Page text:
Two technologies have been going head-to-head to capture the public’s imagination. Both represent wholly new ways of doing things, and both hold tremendous potential. But what’s the reality behind the headlines? Which one really deserves the limelight?
Solar’s costs keep falling; can’t tell about Gromdars.
One obvious point of comparison between products such as solar and Gromdars is the cost trajectory for each.
Solar has made incredible strides in just the last few years. The costs of residential solar systems fell by more than half from 2009 to 2015, and fell another 17% last year. That’s incredibly good news for would-be customers.
In terms of data on Gromdars’ cost trajectory, all we’ve got is this, from the inventor:
‘The question isn’t whether you can afford to buy a Gromdar; the question is whether you can afford not to.’
Actually, the question is how much they cost, and whether they’re getting cheaper. I really think we’re going to need something more specific than that, data-wise, if we’re going to build it into our economy in a meaningful way.
Solar keeps spreading; Gromdars…?
Scale and costs go hand-in-hand. Gromdar, it seems, has a goal “not only put a Gromdar in each home, but in each room of each home.” The company’s initial surge reportedly saw it “selling thousands of Gromdars.” There are no more recent public numbers, though, to back up any ongoing claims of success.
So solar is apparently way ahead on that score. Last year, another 370,000 solar systems got installed in the US, mostly on homes. The 2016 additions brought the residential total to almost 1.3 million solar households—more than double the total from just two years earlier.
And real-world experience bears out that sense of the relative progress of the two technologies. Think about the people you know who have gone solar, the houses you’ve passed by with solar on their roofs, the stories of people feeling empowered by solar. My kids and I make a game of pointing out every solarized home as we drive around areas where it’s taken hold.
Gromdars? Not so much. My kids almost never shout out from the back seat, “Look, Daddy — a Gromdar!”
Everyone loves solar; Gromdars are… working on it.
While there are some indications of demand for Gromdars, there are also indications that they aren’t a slam dunk, as far as the market is concerned:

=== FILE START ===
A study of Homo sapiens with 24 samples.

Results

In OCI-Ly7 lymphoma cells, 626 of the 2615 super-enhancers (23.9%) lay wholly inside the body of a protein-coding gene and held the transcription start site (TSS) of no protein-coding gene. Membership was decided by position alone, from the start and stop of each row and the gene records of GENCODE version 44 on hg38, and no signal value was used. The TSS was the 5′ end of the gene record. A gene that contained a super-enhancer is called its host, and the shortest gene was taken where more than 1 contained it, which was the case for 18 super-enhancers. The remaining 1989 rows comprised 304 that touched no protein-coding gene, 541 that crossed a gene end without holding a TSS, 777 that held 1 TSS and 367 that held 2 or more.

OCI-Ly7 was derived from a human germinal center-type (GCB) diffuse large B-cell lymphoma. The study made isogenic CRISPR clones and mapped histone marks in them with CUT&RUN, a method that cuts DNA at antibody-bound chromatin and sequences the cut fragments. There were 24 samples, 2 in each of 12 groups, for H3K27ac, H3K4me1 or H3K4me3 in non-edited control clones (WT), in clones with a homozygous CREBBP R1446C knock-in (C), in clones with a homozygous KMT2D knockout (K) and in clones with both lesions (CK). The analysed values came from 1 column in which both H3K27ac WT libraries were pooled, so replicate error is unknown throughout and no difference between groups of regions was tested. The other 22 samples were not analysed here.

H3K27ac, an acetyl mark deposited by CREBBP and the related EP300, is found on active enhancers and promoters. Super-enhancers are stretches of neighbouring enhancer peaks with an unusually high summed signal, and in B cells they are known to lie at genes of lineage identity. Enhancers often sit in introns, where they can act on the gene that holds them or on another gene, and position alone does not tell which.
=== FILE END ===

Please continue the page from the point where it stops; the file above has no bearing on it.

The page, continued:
Responding to concerns about the marketability of home Gromdars, the tech entrepreneur acknowledged that most new products face resistance from the consuming public when they are first introduced.
Solar, on the other hand, I think it’s fair to say has seldom faced public resistance. That is, people have always loved the idea of a beautifully silent space-age technology calmly churning out electrons for each of us whenever sunlight comes around. It was just a question of affordability.
And now solar is the most popular energy option around: According to the Pew Research Center, 89% of Americans would support getting more of our energy from the sun.
Pew apparently didn’t include Gromdars in its survey, though we can hope they remedy that oversight.
Solar means jobs; no news on Gromdars.
Employment prospects are another reason that someone might love one or both of these technologies. Alas, no indication of how Gromdar jobs are faring.
Solar, though, is doing amazing things in that department. The 2016 solar jobs census found last year solar employment increased by 25 percent, to 260,000 people. Solar accounted for a stunning one out of every 50 new jobs in 2016. That’s real progress.
And the winner is…
It’s not always a good idea to compare two such interesting technologies head-to-head like this. But if we do (and we have), we find (and have found) that—sorry, Gromdar—solar wins, hands down.
Don’t you, though, put your hands down. Put them up, in celebration, and cheer solar’s progress.
At a time when many key decisions in Washington about our climate and energy future seem like jokes, not serious policy, we’d be fools not to.
Happy April 1.
Support from UCS members make work like this possible. Will you join us? Help UCS advance independent science for a healthy environment and a safer world.